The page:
An AI facial recognition software that can detect genetic disorders just by looking at a picture of your face is coming. But will it be as simple as it sounds?
Facial recognition softwares are all too common these days. AI softwares like these can be used to do things like unlock your phone, go through immigration, or even rent a car. There has been a lot of skepticism surrounding the potential harmful impacts of AI (ahem, Black Mirror). The risks involved, though, don’t outweigh the benefits as the software has the potential to make our lives easier, healthier, and more stress-free. Use a self-learning thermostat and tell me you’re against AI. I dare you.
Using facial recognition to find genetic disorders means that scanning your body for potentially life-threatening diseases could be part of your normal checkup. A US-based company called FDNA published a study in a journal called nature medicine about their new software called DeepGestalt. The software has been testing in clinical trials to find genetic disorders through an AI facial recognition technology. The technology has, apparently, done well in clinical trials and even outperformed its human counterparts in being able to identify quite a few syndromes.
The study shows that an algorithm can determine what percentage of a population has key facial features that coincide with specific genetic disorders. It’s able to study these features and match them against its known database to determine whether the patient is at-risk. One of the disorders, Noonan Syndrome, carries a very specific range of facial features that contribute to the disorder. Noonan Syndrome can contribute to things like heart disease and prevents normal development.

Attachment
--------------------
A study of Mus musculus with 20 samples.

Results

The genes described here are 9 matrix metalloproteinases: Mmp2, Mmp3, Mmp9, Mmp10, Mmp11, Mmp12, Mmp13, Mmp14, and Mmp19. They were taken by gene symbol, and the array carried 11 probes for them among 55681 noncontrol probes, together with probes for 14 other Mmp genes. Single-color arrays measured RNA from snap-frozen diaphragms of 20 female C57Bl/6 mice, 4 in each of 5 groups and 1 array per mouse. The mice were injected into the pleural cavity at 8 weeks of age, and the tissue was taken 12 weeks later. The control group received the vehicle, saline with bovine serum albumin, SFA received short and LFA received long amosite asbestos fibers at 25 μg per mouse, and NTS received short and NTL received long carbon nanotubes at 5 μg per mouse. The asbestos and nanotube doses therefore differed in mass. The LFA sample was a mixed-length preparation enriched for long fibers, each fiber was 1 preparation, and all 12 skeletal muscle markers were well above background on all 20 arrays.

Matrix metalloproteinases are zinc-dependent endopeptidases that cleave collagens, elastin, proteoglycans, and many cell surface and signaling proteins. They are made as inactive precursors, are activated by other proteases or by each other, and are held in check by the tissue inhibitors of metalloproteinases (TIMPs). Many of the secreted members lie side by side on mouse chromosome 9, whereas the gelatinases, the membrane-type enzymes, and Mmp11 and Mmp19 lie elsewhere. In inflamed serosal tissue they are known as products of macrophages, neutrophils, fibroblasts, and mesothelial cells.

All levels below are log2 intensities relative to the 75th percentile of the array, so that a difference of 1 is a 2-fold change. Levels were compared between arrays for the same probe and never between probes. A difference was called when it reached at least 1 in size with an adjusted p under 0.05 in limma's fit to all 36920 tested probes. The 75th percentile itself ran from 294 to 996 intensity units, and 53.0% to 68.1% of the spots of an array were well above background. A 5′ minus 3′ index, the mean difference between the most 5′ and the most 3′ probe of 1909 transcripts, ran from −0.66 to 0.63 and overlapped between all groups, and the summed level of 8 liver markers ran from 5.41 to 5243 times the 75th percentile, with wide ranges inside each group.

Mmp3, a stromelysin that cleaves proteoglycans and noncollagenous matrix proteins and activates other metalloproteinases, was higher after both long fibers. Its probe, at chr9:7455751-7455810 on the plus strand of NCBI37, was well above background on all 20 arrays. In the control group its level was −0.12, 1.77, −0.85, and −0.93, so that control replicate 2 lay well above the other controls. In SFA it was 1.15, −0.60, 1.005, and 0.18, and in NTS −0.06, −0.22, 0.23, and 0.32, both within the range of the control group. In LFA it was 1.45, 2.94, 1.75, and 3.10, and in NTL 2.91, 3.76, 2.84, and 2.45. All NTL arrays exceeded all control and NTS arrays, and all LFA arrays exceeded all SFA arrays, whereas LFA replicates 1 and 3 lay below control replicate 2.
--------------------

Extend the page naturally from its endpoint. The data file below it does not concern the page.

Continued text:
As with any technology, there are some significant downsides to the possibility of using AI facial recognition in healthcare. You may have heard rumor that DNA testing companies like 23 and Me are harvesting sensitive data. Why? To sell it to insurance companies. These insurance companies can then use that data to discriminate against entire demographics. They would do that based on algorithmic data that matches their DNA to pre-existing conditions. The same issue arises with AI facial recognition algorithms being able to determine pre-existing conditions based simply on a photo.
Ideally, the law would be able to catch up to things like this. It would prevent insurance companies from being able to discriminate in such ways. The government is a bit busy, though, so it’s unlikely we’ll see the law catch up to advancements in technology out of the blue. If used for good though, AI facial recognition softwares like DeepGestalt could provide groundbreaking innovations for the medical industry.